What You Need To Know About Hurricane Irma

Texas and Louisiana are still dealing with the aftermath of the record-breaking rain Hurricane Harvey brought last week, but another storm is making its way through the Atlantic. Though it's unclear what impact Hurricane Irma will have on the U.S., it could bring more destruction to the Southeast.
Tuesday morning Irma was upgraded to a Category 5 hurricane, but it had decreased to a Category 4 by Friday. It's still too soon to know if it will hit the continental U.S., but The Weather Channel says Irma poses "a serious threat to Florida and parts of the Southeast beginning this weekend." Local officials in the Sunshine State declared a state of emergency, with areas such as Miami-Dade issuing mandatory evacuations.
Irma swept through the Caribbean earlier this week, devastating Barbuda and causing further damage in Puerto Rico and other islands. If the storm does continue to head north, it could reach Florida early Sunday, according to The Weather Channel. There's no guarantee the storm will make landfall in the state, but it could still bring life-threatening floods to South Florida.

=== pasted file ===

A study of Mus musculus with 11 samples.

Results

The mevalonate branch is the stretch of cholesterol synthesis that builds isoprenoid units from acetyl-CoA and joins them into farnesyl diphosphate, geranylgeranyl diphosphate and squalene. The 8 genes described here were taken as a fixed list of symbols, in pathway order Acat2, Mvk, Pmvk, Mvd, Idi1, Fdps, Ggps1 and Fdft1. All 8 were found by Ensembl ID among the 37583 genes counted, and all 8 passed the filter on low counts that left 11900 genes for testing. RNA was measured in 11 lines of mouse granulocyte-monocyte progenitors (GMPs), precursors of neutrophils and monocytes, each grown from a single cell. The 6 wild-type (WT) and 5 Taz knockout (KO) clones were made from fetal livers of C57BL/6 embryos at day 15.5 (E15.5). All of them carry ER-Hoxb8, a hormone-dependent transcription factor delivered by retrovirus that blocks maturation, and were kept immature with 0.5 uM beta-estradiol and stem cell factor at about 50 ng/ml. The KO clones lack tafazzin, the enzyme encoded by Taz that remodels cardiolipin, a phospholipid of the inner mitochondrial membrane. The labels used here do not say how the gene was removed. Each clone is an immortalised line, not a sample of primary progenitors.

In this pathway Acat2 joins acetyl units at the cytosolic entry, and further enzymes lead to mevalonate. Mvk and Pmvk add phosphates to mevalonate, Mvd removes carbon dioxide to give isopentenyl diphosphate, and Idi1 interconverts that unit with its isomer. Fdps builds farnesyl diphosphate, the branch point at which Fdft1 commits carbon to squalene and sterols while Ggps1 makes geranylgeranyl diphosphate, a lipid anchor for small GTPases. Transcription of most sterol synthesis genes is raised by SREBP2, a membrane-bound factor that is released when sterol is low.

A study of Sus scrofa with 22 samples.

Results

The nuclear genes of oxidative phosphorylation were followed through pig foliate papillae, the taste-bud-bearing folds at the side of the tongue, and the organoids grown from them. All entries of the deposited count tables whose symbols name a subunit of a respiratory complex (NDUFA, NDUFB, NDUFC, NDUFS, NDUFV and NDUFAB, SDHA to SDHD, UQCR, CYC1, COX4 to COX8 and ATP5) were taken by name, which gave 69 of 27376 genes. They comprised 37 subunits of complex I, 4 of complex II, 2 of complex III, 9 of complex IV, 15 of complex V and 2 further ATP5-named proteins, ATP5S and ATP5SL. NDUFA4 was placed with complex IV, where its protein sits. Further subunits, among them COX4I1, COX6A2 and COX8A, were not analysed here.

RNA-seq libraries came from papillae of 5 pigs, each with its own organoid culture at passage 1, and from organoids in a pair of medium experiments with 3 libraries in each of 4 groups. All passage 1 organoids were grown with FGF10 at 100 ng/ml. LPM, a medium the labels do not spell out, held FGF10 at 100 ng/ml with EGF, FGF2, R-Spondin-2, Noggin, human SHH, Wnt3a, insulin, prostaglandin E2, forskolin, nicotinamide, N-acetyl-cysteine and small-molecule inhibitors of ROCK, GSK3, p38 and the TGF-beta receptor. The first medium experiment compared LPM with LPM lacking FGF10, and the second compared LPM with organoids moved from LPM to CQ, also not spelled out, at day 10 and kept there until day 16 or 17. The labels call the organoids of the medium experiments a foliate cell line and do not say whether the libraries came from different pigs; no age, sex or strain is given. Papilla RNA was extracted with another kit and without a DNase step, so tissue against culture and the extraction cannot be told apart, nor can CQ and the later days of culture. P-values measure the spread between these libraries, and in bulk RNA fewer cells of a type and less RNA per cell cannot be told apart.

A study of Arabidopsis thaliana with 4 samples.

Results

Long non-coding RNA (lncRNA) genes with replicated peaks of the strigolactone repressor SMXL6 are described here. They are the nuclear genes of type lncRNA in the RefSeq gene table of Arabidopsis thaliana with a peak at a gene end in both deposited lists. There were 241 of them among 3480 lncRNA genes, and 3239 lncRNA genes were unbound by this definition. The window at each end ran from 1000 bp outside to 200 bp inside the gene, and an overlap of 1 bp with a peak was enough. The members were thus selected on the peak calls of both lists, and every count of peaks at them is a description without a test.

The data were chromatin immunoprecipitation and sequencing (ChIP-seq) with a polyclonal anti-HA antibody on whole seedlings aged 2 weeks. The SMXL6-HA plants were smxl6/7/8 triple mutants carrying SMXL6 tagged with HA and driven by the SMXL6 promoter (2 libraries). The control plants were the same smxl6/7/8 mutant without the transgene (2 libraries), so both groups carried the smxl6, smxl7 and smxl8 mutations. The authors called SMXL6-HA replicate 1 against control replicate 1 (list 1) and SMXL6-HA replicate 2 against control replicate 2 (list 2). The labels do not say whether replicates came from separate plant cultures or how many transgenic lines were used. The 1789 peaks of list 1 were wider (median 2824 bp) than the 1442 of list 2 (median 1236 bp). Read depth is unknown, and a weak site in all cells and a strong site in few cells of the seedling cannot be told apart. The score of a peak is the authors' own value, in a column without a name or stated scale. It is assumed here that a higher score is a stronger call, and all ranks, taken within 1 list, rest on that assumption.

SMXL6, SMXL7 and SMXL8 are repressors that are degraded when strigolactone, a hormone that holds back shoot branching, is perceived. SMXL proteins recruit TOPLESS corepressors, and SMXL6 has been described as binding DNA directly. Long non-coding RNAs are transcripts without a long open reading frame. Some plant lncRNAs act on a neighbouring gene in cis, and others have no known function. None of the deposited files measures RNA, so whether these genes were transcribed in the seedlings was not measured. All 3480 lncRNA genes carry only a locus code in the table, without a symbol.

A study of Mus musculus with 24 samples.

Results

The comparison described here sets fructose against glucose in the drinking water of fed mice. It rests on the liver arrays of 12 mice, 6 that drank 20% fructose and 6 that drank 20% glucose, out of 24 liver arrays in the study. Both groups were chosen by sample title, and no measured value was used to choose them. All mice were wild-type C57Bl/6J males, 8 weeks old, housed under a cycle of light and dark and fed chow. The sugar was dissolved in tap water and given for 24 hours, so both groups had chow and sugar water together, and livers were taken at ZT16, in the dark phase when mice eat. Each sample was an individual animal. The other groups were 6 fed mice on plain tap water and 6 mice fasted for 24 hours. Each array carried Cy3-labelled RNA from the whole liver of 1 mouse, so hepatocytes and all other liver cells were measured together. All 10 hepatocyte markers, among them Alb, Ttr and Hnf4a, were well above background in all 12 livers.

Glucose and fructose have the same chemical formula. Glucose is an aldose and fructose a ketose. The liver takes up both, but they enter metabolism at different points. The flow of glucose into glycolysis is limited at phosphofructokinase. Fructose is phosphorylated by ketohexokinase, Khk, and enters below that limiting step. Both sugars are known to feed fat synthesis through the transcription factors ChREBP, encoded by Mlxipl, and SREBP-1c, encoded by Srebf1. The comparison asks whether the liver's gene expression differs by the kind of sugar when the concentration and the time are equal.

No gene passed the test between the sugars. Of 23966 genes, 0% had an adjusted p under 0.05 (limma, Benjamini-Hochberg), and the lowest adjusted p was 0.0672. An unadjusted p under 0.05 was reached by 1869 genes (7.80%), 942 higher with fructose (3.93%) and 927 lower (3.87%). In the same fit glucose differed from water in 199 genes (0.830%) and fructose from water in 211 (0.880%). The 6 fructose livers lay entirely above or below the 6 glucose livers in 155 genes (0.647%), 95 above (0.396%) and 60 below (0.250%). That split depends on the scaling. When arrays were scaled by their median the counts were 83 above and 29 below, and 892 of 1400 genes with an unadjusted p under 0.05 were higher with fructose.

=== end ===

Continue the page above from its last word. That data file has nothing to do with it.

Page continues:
If you live on the East Coast or the Gulf Coast, keep an eye on Irma updates in case the storm does continue making its way north. Follow The Weather Channel or the National Hurricane Center on Twitter and check the news once a day to get the latest info on how the storm is progressing. CNN also created a tool to track the storm (which you can utilize here).
And if you're told to evacuate, do so.
If Irma does become an immediate threat, you'll want to be prepared. Check out tips for how to prepare for a hurricane here to make sure you aren't caught off guard.
Hurricane Harvey quickly became a Category 4 hurricane before touching Texas, so you don't want to wait until the last minute to put a preparedness plan in place.
This story was originally published on September 1, 2017.